I'm currently looking at getting one of the 2018 Cannondale Synapse, Ultegra - specifically this:

https://www.cannondale.com/en/Great%20Britain/Bike/ProductDetail?Id=cfebd356-9377-4d75-946b-4e412103ec49&parentid=undefined

I've ridden a number of Synapse models and have wanted one for a while but am after this one now due to the new tyre clearance on this year’s model.

My question is about frame size. I'm 6'2" or around 188cm and have quite long legs but not really long arms. I've ordered in a size 56 frame to try on the advice of my bike shop, but while I was waiting for that I tried a 58 frame in another shop.

What I found was that the 58 frame was initially causing me to overreach, but this was corrected when the saddle was moved forward and could be further corrected with a shorter stem.

The concern I have with the 56 frame is that I will need to raise the seat post quite a lot and then can't really raise the bars any higher as they already have a few stack rings in place with the intention to allow serious racers to drop from the default rather than raise. I generally prefer a more upright position.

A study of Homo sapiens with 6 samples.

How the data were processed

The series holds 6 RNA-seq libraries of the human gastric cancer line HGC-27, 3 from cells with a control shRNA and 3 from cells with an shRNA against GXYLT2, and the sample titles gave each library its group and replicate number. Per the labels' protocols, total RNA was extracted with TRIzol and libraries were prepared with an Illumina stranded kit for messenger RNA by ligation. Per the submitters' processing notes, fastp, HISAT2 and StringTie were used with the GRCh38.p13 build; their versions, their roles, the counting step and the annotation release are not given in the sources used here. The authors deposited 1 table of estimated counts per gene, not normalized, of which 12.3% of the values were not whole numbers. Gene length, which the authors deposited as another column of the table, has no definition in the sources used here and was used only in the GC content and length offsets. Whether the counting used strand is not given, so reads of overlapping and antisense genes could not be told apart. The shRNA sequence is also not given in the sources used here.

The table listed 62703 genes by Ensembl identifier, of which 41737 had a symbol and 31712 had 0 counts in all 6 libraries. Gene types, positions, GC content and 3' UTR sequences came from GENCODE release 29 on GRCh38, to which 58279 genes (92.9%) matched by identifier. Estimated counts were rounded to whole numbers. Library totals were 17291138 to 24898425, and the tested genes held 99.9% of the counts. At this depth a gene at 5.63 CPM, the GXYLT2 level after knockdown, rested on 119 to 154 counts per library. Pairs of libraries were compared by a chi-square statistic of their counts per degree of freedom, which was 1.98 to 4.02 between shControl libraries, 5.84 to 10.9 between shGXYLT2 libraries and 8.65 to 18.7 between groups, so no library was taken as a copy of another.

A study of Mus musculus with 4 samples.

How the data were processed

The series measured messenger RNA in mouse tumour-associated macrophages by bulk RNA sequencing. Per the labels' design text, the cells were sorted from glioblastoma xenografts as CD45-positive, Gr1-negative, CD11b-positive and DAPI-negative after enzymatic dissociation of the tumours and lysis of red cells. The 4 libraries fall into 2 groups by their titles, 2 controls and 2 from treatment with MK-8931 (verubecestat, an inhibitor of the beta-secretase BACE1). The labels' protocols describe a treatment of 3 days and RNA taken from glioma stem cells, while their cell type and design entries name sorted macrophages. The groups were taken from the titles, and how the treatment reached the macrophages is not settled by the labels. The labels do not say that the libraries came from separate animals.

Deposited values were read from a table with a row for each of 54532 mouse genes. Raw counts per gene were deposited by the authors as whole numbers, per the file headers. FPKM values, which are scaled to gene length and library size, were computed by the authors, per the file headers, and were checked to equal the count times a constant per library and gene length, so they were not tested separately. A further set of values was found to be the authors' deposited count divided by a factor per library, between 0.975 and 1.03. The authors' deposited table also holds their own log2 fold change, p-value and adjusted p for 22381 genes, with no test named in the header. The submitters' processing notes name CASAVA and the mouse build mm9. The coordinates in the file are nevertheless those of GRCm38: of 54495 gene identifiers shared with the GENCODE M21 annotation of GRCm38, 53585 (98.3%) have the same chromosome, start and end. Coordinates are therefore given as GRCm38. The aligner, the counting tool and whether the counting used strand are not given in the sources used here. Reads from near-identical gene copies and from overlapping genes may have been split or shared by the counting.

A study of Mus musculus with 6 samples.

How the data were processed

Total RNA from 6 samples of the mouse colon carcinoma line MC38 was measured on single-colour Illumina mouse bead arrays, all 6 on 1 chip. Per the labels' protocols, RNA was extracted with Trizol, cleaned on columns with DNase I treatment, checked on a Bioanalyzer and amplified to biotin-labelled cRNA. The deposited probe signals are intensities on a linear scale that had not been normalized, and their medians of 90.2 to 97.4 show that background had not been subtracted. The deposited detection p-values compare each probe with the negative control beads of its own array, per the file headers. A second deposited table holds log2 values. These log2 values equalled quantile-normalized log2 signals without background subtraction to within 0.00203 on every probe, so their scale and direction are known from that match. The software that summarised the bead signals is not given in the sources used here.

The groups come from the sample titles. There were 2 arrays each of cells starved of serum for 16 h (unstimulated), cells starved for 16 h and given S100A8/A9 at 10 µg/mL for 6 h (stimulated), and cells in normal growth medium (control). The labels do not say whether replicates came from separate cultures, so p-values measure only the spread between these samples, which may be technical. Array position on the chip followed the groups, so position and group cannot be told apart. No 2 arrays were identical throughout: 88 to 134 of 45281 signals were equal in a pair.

I can't decide if I should go for the smaller frame and potentially suffer a too aggressive race position or the larger frame and possibly just buy a new, shorter stem. There is a 2.9cm standover difference between the two sizes and I think the 58 frame would be better in that respect. 

Does anyone have any advice that might help me rationalise a decision before making the final call after trying them both again?  Thanks!

M

7 comments


You 'should' really get fitted out, most decent shops will fit you up before you buy or when you buy, this usually includes stem swap outs.. so you can leave a shop without too many worries of fitting.  Worthwhile for you and your long legs and shorts arms IMO.

 


I'm glad my logic isn't totally flawed then smiley

Most bike shops suggest you go for a smaller frame if unsure but even though Cannondale generally come up with a longer top tube I didn't find I was overstretching when the seat was brought forward. 

That alone made me question whether the tradeoff of a smaller frame was worth it and it sounds like it might not.

OK, I'll trial the 56 as it is in my shop now but will probably go back for the 58 if I'm not happy with the position - thanks again!

M



Currently have a Trek Domane 60cm.




Worth measuring up your position on your current bike though and checking the reach is achievable on the 58 while keeping the saddle tip - bb centre distance the same. Moving the saddle fwd to change your reach will likely upset your knees.